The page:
Decision Support Tool for Strategic Fiscal Analysis



  • Decision Support Tool for Strategic Fiscal Analysis

  • AggiE Challenge Project: Preventing Nuclear Terror

  • Industrial Engineering Students: Cameron Richardson, Jenny Flam, and SamridhiBhandari and Nuclear Engineering Students: Michael Krutak, Sarah Camba, and Shane Seabolt

  • Advisor: Dr. Justin Yates

Objective

Decision Support Tool Process Map

To create a decision support tool to analyze the strength of existing facilities that store nuclear assets. The tool will evaluate the current overall security of the site then optimize the facility’s strength and respective cost.

This schematic represents the components of strength within a nuclear facility that our decision support tool analyzes. The zone diagram includes the interior perimeter detection of the facility, the delay system of the access points, and the locations of concentrated security personnel.

Methods

Risk Factor Strength Algorithms

Facility Schematic

Research remains a continuous process through literature review and interviews with subject matter experts. This semester’s focus was determining the relationships between the risk factors and developing strength models for each subset of risk factor variables. The strength models were created using a logistics equation that allowed for an average nuclear facility to merit a strength of 80%. A prototype has been developed using Visual Basic that evaluates the facility’s data based off of the 80% standard.

Each component is integrated into our model as an individual variable that affects the appropriate strength equation. The values of these variables vary according to the details of the facility system that is currently in place at the nuclear site.

Risk Factor Variable Input Tables

  • Detection Systems

  • Delay Systems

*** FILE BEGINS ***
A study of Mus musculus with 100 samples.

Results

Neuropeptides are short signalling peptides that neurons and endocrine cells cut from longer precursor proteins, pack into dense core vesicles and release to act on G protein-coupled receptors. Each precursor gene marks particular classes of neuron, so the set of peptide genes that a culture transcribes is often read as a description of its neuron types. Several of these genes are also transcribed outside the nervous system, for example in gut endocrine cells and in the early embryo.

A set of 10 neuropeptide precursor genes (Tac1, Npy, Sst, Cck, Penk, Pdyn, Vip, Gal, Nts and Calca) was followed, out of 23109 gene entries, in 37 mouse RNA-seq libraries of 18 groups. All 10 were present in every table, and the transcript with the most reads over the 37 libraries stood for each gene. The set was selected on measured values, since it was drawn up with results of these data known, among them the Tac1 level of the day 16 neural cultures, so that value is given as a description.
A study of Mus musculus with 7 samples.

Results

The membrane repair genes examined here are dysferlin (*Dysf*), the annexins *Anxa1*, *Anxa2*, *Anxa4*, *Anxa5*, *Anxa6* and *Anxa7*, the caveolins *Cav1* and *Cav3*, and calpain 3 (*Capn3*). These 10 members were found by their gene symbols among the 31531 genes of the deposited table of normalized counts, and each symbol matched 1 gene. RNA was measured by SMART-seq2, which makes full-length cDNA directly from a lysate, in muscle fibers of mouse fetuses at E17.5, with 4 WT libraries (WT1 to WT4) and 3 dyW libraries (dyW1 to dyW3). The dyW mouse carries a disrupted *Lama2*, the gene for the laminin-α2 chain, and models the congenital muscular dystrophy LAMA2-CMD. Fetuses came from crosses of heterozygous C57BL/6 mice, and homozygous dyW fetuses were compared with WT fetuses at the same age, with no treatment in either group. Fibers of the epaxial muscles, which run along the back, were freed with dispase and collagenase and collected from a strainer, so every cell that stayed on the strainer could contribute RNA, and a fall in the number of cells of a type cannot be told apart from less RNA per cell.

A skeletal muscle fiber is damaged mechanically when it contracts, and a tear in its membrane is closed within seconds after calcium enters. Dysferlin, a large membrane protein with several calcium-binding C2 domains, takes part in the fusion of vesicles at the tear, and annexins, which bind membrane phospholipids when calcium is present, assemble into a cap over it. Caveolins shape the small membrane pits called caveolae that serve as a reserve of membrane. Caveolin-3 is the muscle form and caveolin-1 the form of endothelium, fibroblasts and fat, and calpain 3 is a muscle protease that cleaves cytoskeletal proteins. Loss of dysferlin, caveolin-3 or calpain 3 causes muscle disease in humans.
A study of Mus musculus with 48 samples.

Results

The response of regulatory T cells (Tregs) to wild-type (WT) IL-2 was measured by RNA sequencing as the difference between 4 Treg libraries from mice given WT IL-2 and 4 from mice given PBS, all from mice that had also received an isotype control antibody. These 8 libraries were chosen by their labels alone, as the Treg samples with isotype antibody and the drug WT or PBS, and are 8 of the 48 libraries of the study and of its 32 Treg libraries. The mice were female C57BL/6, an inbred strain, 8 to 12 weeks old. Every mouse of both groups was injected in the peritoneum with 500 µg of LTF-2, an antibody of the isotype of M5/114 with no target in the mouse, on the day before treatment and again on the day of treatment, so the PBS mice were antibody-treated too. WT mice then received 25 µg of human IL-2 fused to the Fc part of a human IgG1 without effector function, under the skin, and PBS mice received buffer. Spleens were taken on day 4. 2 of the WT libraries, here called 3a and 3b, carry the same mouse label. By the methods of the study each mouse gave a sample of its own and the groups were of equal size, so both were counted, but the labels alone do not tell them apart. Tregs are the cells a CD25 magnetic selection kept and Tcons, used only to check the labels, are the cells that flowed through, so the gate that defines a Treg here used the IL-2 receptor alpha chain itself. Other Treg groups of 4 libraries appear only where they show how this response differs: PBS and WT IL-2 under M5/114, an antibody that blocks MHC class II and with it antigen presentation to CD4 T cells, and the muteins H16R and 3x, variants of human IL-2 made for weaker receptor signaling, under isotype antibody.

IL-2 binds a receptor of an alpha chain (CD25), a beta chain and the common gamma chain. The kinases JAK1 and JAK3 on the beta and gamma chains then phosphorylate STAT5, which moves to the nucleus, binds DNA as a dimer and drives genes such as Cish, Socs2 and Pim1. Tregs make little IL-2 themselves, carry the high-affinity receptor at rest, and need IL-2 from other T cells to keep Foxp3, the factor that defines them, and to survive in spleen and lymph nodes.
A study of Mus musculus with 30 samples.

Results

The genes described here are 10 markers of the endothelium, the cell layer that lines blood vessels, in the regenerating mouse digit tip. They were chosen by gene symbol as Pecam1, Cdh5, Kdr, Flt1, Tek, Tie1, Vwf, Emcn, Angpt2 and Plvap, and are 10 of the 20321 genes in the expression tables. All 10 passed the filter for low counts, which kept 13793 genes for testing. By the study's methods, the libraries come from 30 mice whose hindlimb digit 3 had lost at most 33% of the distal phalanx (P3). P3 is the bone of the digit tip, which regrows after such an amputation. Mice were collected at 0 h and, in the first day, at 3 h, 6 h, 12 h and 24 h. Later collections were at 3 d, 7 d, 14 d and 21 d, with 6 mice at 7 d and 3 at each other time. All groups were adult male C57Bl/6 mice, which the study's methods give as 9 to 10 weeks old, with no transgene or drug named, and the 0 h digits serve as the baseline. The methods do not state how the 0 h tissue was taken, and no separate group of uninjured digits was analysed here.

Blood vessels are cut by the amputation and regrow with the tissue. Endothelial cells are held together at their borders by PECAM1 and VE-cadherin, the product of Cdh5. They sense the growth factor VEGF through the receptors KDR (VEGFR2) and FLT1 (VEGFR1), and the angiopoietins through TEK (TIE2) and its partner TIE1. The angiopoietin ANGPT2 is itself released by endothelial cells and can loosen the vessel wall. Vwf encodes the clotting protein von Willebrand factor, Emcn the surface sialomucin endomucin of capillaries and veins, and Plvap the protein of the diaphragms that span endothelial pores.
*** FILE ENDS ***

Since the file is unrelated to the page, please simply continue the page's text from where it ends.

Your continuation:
• Material Assets

  • Support Structures (shown below)

  • Access Points

  • Guard Towers (shown below)

  • Personnel

PERSONNEL

Personnel in Access Point Strength:

i = Personnel type

ki= Coefficient related to personnel type

Guard Response Time Strength:

Radius that Guards Patrol Around Guard Tower:

  • Patrolling Guards Strength:

  • Response Guards Strength:

SUPPORT STRUCTURES

Number of Guard Towers Strength:

Location of Guard Towers Strength:

Distance between the Guard Towers:

SECURITY SYSTEMS

Coverage Strength for Detection System Strength:

The algorithms displayed to the right are all mathematical relationships that stem from geometric conditions in the facility schematic. The facility schematic is based on the circular zone model assumptions in order to simplify the entire DST model.

These equations make up only a portion of the Risk Factor Strength Algorithms. The majority of the equations displayed here are used to evaluate the strength of the Zone 1 risk factor inputs. The displayed algorithms use the variable inputs from the Input Tables to evaluate the Zone 1 strength as displayed in the Output Table below.

Strength Algorithm Outputs

Zone Classification Diagram

Due to variance in size and shape of nuclear storage facilities a circular zone model is used that will evaluate every facility in the same way. The model uses the facility size and automatically fits each facility’s data to the circular zone model. By allowing all of the facilities to conform to this circular model a uniform set of strength algorithms could be developed. These algorithms would then evaluate each facility in the same way regardless of differences in facility layout.

Total Zone 1 Strength for Mock Facilities

Risk Factor Strengths for Mock Facility Data

In the circular zone model each zone is distinguished by different factors. The description of each zone is as follows:

Zone 1 (Blue)

Zone 1 is designated as the area between the facility’s outermost perimeter and the perimeter of Zone 2. Zone 1 excludes any facility buildings and is completely exposed to the open sky. Zone 1 includes guard towers and does not house any nuclear materials.

Zone 2 (Yellow)

Zone 2 is designated by the sum of all building areas that do not house nuclear materials (excluding restricted areas). Zone 2 includes all central alarm stations and is where the majority of non-security personnel operate.

Zone 3 (Red)

Zone 3 is made up of all buildings or interior rooms that house nuclear material. Zone 3 is the only zone that may contain nuclear assets.